Government certification tests of Russia’s first-ever passive exoskeleton EO-1 are going to be completed by the end of 2019, a senior research fellow at the Karbyshev Central Research and Testing Institute of Russia’s Engineering Forces, Major Artyom Chistobayev, has told TASS.


Russia certification testing of first combat exoskeleton EO 1 to be over by 2020
The EO-1 exoskeleton was tested in Syria when Russian specialists conducted mine-clearing operations in Palmyra (Picture source: Russian MoD)


"The pre-serial sample of the exoskeleton is in the testing stage. The preliminary phase will be completed mostly probably by the summer of 2019 and government certification tests are to be completed by the end of the year," Chistobayev said. The introduction process began three years ago. "The first test sample was presented at the Karbyshev Institute back in 2015".

The EO-1 exoskeleton was tested in Syria when Russian specialists conducted mine-clearing operations in Palmyra. "In March-April 2017 the exoskeleton was used in combat conditions for clearing the terrain and Palmyra’s historical sites of mines," Chistobayev said.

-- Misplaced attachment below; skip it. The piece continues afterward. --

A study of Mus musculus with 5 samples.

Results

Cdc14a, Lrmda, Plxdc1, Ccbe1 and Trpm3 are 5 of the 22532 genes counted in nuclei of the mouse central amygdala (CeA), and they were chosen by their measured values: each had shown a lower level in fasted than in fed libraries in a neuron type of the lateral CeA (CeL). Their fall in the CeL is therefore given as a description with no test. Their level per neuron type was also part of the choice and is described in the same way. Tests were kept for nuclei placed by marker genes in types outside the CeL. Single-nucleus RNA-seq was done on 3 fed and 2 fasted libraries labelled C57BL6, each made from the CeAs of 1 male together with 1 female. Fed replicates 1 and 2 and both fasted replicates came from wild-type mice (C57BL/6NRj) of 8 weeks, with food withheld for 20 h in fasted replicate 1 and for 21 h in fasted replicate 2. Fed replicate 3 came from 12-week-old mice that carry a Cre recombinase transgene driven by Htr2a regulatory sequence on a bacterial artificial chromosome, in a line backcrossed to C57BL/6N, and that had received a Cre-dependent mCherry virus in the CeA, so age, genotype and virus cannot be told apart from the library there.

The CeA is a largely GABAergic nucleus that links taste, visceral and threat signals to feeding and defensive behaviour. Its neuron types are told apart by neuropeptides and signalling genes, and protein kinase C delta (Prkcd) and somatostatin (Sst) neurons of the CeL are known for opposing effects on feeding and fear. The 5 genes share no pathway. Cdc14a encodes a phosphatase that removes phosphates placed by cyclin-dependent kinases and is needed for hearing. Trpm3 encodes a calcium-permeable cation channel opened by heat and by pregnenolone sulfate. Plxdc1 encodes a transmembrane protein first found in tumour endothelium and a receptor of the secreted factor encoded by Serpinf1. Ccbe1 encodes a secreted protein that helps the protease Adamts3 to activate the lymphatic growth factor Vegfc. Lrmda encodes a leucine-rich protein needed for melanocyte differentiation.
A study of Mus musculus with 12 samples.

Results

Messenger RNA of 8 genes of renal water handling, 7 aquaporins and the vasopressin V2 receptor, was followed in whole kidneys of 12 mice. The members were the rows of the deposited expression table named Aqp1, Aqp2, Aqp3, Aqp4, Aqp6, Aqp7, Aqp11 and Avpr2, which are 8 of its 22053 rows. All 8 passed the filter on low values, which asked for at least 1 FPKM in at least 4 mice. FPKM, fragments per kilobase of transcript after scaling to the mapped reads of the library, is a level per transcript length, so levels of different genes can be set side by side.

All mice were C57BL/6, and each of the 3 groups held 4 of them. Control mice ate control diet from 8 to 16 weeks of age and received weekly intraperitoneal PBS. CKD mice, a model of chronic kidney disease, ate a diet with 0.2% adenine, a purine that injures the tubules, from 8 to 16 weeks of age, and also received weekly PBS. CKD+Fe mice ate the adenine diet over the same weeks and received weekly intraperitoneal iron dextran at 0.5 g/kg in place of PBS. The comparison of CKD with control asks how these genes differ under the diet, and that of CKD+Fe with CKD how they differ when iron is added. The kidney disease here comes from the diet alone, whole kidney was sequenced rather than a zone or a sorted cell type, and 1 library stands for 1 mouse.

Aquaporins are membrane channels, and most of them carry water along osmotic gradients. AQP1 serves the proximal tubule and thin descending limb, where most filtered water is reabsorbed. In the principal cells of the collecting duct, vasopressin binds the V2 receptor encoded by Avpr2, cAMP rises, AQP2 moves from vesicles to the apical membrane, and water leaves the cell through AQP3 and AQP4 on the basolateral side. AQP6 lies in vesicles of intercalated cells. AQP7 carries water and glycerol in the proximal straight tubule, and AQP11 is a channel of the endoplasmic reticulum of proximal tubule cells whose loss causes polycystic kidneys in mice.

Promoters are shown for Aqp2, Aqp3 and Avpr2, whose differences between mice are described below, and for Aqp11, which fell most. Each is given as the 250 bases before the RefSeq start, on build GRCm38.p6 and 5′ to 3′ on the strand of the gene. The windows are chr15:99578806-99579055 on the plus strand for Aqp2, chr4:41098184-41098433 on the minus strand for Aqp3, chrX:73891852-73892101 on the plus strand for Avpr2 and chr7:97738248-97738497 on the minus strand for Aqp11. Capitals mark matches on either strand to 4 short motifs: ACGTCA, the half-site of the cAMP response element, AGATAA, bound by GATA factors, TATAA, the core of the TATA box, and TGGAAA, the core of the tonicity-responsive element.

In Russia’s engineering forces the exoskeleton is used by the operators of the mine-clearing Robot Uran-6. The robot’s command and communication panel weighs about 20 kilograms. Military engineers plan to adjust the exoskeleton to the heavy armored gear of engineering and assault battalions, which has a mass of 25-30 kilograms.

The passive exoskeleton EO-1 is meant for easing the load on the body of a soldier carrying cargoes of up to 50 kilograms during long marches and in assault operations. It provides protection for the joints and spine and is adjustable to the height and build of each individual soldier. The passive exoskeleton is simple and reliable and requires no batteries, servo drives, control systems or sensors.

A TASS correspondent has had a chance to put on the exoskeleton to get first-hand impression of its properties. The EO-1 is well-adjusted to the musculoskeletal system of the human body. In static condition it eases the load on the legs and back to a point where the weight of one’s own body stops to be felt and makes the 20-kilogram control panel of the Uran-6 robot extremely easy to operate. The wearer is capable of getting down to one knee, sitting down, lying down, getting up and walking at a fast pace.